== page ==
Well, this is it, I just have a few minutes before heading to the Gulbenkian Foundation to register for the event and get to the first session.
I was up at dawn:
Last night a group of us including Steve Mc, Judy C, Peter W, Ross McK, STeve Mosher and myself went out for dinner together and had a wide ranging discussion round the issues. Ross and Steve M came back to my palatial penthouse suite to continue over a nightcap, and we turned in around 1am.
I have to get going so I’ll try to update this post during the day from the nokia – if the wordpress app plays ball…
Well, WordPress for Nokia has let me down, but in any case there was no time for ‘phone blogging as the pace was fast and continuous. After registration we settled down to a session where the 28 attendees took it in turns to introduce themselves and their work, we were given five minutes each so this inevitably over-ran past the lunchbreak. There was a great diversity of backgrounds and approaches to the issues, including research on the history of attempts and ideas for geo-engineering, analysis of decision making in the face of conflicting evidence, historical comparisons with previous scientific conflicts, my own missive on the need for parallel development of alternative hypotheses and possible cross fertilisation of results and ideas, setting the climate change question in context with other pressing human issues, and many more.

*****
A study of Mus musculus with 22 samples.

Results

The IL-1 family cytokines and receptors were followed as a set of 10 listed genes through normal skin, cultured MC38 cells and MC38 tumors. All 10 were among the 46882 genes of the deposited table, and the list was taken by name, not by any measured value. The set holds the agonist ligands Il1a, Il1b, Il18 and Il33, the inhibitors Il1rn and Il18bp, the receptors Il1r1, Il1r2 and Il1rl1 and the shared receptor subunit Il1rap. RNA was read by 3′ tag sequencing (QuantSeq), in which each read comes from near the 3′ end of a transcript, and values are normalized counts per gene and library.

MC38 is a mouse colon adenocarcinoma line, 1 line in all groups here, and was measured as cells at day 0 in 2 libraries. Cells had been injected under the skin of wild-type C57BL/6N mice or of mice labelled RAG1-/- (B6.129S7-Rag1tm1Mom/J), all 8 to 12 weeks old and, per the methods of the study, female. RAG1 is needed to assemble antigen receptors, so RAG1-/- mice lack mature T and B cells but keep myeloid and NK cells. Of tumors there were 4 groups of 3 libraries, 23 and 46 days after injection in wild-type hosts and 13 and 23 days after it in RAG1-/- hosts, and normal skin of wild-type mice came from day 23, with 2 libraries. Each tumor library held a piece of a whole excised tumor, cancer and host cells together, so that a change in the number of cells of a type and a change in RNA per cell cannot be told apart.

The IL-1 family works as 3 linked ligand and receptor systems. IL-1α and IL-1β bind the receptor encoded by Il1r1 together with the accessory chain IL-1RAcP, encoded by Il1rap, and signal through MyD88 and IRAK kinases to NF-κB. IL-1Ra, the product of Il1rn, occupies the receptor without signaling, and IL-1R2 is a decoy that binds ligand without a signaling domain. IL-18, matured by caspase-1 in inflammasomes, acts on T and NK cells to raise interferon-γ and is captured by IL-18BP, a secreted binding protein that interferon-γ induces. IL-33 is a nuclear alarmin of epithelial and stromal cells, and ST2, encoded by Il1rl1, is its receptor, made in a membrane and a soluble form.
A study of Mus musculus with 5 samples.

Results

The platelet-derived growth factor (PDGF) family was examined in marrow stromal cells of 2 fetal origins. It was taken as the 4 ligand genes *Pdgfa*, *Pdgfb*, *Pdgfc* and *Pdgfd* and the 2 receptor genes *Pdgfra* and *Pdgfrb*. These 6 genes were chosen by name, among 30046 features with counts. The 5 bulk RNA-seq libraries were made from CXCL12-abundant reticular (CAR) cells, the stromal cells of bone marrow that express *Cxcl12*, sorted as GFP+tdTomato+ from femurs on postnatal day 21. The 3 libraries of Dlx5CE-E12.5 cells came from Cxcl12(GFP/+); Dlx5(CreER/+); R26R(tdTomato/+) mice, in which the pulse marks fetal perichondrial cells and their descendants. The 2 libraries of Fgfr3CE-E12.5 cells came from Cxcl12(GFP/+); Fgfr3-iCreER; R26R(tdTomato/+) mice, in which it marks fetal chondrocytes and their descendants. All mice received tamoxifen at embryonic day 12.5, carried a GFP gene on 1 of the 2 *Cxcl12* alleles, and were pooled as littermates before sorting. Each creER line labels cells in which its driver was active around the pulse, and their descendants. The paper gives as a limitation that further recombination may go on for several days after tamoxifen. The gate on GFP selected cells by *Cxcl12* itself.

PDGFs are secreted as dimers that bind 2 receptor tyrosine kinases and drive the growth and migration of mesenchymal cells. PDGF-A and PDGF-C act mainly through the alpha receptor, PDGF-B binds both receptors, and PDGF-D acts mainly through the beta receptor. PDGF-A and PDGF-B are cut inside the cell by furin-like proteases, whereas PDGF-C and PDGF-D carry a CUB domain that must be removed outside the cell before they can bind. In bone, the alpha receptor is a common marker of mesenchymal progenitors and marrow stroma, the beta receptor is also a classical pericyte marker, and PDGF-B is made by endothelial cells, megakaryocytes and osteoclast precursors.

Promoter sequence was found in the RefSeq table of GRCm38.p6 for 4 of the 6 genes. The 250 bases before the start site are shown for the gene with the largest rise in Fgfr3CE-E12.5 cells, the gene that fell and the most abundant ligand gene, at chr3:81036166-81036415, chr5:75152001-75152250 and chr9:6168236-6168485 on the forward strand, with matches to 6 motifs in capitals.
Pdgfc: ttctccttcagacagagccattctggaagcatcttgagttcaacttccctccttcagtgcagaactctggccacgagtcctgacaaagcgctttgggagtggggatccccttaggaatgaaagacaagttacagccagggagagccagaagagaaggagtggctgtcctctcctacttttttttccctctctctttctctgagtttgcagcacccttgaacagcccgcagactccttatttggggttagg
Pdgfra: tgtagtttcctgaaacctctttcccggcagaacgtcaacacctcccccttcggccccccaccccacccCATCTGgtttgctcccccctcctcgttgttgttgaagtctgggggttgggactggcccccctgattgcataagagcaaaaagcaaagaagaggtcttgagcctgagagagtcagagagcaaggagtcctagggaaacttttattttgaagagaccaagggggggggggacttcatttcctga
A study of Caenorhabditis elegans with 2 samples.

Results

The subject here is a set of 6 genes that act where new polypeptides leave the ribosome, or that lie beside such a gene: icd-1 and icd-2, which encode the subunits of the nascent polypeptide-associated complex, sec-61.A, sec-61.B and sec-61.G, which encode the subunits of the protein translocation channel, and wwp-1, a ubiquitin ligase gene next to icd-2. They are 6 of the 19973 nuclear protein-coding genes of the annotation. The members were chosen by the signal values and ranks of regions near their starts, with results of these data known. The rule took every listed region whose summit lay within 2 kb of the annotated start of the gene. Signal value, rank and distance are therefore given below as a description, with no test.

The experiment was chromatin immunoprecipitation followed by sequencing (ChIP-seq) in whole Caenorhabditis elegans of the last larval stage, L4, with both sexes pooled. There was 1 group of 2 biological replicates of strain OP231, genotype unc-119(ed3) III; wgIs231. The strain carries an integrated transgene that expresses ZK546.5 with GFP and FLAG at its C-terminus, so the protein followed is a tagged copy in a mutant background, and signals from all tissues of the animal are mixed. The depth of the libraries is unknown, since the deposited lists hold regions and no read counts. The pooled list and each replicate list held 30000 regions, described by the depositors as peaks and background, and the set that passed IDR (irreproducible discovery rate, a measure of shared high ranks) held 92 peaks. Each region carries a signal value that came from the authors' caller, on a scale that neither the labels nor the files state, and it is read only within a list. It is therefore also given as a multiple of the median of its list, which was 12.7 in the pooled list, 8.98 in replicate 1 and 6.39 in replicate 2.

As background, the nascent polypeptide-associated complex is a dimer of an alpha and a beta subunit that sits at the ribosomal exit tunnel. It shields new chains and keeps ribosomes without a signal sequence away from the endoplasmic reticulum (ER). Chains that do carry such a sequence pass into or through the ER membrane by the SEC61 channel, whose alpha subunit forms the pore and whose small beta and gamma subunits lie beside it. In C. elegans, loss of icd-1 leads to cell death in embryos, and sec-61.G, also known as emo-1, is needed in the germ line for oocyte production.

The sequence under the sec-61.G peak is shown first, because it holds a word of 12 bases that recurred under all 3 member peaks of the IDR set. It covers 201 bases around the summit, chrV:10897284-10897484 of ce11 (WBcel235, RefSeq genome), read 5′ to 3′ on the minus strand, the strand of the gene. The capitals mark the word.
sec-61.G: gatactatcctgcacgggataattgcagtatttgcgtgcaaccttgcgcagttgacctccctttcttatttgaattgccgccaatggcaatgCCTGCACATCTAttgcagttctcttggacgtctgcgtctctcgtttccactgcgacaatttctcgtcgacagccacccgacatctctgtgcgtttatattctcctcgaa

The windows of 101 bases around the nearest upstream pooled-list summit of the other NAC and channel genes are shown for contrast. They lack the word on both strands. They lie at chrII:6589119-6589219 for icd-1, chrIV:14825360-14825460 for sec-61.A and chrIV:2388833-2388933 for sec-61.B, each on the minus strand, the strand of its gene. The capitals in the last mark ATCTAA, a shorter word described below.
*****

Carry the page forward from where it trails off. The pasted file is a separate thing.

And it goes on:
Then we had a session on non-violent communication. This lacked bite and relevance to the kind of discourse entered into in the climate arena and there was a struggle to push the session into some kind of useful shape.
After a coffee break, they need bigger coffee pots! we examined some of the issues identified in the intro session as ‘critical to resolution of the science’ and the ‘things which get us mad with each other’ in groups and reported back in a summary session at the end. Our group chose natural variability/climate sensitivity and ‘bad faith’. Ross McKittrick had an illuminating anecdote about an extra paragraph he managed to get put into IPCC AR4 about other types of models being better at dealing with longer range noise signals in climate data, which then got deleted again from the final version.
We also had Nick Stokes at our table and it was great that he could express disagreement and put in points from his side which all integrated into Ross’s final summary. He delivered this in a beautifully laconic style after we’d witnessed some fireworks from Hans von Storch in response to Peter Webster’s group’s summary on the same natural variability topic.
By seven pm we were fading fast so we closed and barely had time to get changed back at the hotel before taxis whisked us away to a superb little restaurant in the old part of the city centre. After the meal Silvio Funtowicz led some of us on a tour of the Baja Alto before we wandered down to find a Metro station for the ride home.